CrossFit: A Secret Weapon in Kari Averill’s Fight Against Hereditary Spastic Paraplegia

June 23, 2021 by
Courtesy of Kari Averill
Enjoying Morning Chalk Up? Access additional exclusive interviews, analyses, and stories with an Rx membership.

When she was first diagnosed with Hereditary Spastic Paraplegia, a rare genetic disease that weakens muscles below the hips, Kari Averill didn’t tell many people.

  • “I was embarrassed that something was wrong with me. I didn’t tell many people about it,” said 47 year-old Averill. 

The details: For years, doctors couldn’t figure out what was wrong with Averill, who started “walking funny” and eventually needed to use a cane to get around.

  •  “I thought something was wrong with my knees,” said Averill, whose balance had also become severely impaired. “They kept trying to diagnose me with MS, but everything kept coming back negative.”
  • In 2002, when Averill came across a cousin with the disease, doctors were finally able to diagnose her with Hereditary Spastic Paraplegia, a condition that is considered a cousin to the deadly ALS (Amyotrophic Lateral Sclerosis or Lou Gehrig’s disease). Since then, Averill has learned that a number of other relatives also suffer, or suffered, from the disease.
  • In January 2020, tired of letting the muscles of her lower body atrophy before her eyes, Averill put a post up on social media asking for recommendations for possible fitness coaches. “I had been doing physical therapy for years and got to a point where there wasn’t anything else they could teach me, so that’s why I put the post out,” she explained. 
  • When a friend of hers recommended Angie McCord, the owner of CrossFit Murray in Murray, KY, Averill decided to give it a go.
  • “The first time Angie had me do a deadlift she was like, ‘Well, you won’t be doing that anymore.’ And then she had me try some wall balls and she told me to catch the ball, and I was like, ‘Have you lost your mind?’ I couldn’t throw the ball without losing my balance,” Averill explained of her early days at CrossFit Murray.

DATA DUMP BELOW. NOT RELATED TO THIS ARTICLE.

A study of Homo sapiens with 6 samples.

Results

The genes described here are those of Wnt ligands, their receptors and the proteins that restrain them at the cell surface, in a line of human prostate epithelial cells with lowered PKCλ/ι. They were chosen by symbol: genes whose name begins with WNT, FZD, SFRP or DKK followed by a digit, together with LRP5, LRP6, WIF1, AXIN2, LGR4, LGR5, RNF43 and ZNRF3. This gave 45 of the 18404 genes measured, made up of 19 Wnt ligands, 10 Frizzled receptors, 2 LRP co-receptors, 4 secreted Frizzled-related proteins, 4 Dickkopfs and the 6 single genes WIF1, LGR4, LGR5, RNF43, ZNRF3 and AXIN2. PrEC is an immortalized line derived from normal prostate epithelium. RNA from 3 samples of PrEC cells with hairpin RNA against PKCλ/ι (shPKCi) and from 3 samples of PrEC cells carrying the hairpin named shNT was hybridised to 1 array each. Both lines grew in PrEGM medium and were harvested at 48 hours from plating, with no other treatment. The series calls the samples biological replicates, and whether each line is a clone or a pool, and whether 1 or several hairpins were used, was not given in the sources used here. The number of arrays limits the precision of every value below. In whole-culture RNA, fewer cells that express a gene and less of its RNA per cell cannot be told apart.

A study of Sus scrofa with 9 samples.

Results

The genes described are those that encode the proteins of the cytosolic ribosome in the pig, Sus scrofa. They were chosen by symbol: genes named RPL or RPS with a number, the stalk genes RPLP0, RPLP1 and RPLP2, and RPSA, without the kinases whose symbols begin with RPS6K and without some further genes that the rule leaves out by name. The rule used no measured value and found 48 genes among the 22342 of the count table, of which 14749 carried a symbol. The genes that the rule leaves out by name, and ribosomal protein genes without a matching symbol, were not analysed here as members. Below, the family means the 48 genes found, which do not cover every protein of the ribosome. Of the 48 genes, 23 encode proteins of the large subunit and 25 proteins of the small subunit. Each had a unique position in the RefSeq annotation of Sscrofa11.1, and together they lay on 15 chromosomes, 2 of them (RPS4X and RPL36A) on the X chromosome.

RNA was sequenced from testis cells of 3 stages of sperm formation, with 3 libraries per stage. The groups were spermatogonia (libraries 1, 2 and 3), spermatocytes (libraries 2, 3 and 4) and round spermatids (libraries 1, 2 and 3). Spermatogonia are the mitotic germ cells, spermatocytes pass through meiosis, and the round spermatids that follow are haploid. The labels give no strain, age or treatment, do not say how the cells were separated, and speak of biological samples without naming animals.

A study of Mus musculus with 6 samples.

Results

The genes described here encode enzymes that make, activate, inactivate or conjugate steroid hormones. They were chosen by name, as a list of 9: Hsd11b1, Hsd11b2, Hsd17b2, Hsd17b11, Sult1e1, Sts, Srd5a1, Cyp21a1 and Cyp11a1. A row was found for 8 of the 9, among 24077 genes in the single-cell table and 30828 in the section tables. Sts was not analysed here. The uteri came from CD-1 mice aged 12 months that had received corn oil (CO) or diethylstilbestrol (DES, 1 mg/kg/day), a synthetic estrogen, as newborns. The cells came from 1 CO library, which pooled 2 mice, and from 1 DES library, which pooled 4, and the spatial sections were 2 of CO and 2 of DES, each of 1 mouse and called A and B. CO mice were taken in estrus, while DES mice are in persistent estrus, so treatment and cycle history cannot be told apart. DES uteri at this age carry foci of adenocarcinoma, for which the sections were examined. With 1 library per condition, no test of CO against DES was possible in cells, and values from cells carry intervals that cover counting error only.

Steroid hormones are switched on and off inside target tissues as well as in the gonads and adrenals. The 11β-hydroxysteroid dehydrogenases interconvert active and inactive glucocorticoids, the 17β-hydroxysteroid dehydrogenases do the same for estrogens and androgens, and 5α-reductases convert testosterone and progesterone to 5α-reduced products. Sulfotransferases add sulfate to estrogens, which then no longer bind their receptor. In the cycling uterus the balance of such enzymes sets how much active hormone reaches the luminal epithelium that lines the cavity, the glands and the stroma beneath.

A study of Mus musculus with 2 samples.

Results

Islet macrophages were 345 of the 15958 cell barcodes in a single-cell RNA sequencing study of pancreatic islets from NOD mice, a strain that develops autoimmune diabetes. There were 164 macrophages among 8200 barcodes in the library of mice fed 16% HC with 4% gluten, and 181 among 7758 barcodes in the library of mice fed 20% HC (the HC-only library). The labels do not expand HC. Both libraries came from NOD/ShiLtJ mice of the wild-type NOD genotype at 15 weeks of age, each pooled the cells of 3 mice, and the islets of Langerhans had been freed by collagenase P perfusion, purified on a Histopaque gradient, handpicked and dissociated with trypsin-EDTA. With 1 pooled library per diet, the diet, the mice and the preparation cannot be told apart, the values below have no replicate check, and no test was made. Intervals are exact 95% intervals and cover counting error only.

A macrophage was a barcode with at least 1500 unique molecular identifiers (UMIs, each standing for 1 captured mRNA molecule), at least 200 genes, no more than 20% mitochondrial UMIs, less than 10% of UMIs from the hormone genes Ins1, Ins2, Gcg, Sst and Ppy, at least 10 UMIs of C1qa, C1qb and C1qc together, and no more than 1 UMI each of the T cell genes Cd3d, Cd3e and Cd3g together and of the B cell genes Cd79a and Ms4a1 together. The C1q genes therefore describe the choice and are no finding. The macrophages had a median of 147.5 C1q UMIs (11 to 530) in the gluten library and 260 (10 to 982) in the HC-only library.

Today: Not only can Averill do a wall ball shot and catch the ball, she can stand on a BOSU ball and squat and catch. “The biggest physical improvement has been with my balance,” Averill said. 

  • “Do I still walk funny, yes? But I used to lean to the side when I walked. My whole body would lean to the side or forward, and now I don’t lean like that. You know, baby steps. Everything is baby steps,” she said. “When I wake up, my first two or three steps are always still wobbly, but now when I focus hard I can control it.”
  • Her new goal is to be able to walk unassisted without her cane. “Will it happen? I don’t know, but I have a goal and have something worth fighting for,” she said. 

One big thing: CrossFit, and the results she has seen, have given Averill the confidence that she doesn’t have to succumb to her prognosis. 

  • “The medical people tell me exercise is good for me, but it still won’t stop the progression of the disease, but I’m trying to prove them wrong,” she said. 
  • So far, so good: Averill has a pain pump that delivers medication directly into her spine. In 2009, she was receiving doses as high as 325 mcgs a day, and recently this was reduced to 99 mcgs.
Courtesy of Kari Averill

The big picture: Considering the disease is genetic, Averill’s mission is to show others in her family the importance of fighting. 

  • “I have a son and a sister with three kids, and I pray they never get it, but if they do I want them to see I’m a fighter, and if this thing takes me down I’m going down fighting,” she said. 
  • And in the last year-and-a-half, CrossFit has become her biggest weapon in this fight. “I may always have to walk with a cane, but I do not want to be in a wheelchair. I want to be able to take care of myself for the rest of my life and I feel like doing CrossFit is keeping my body healthy and moving, so my muscles don’t stop working,” she said. 

Get the Newsletter

For a daily digest of all things CrossFit. Community, Competitions, Athletes, Tips, Recipes, Deals and more.

"*" indicates required fields

This field is for validation purposes and should be left unchanged.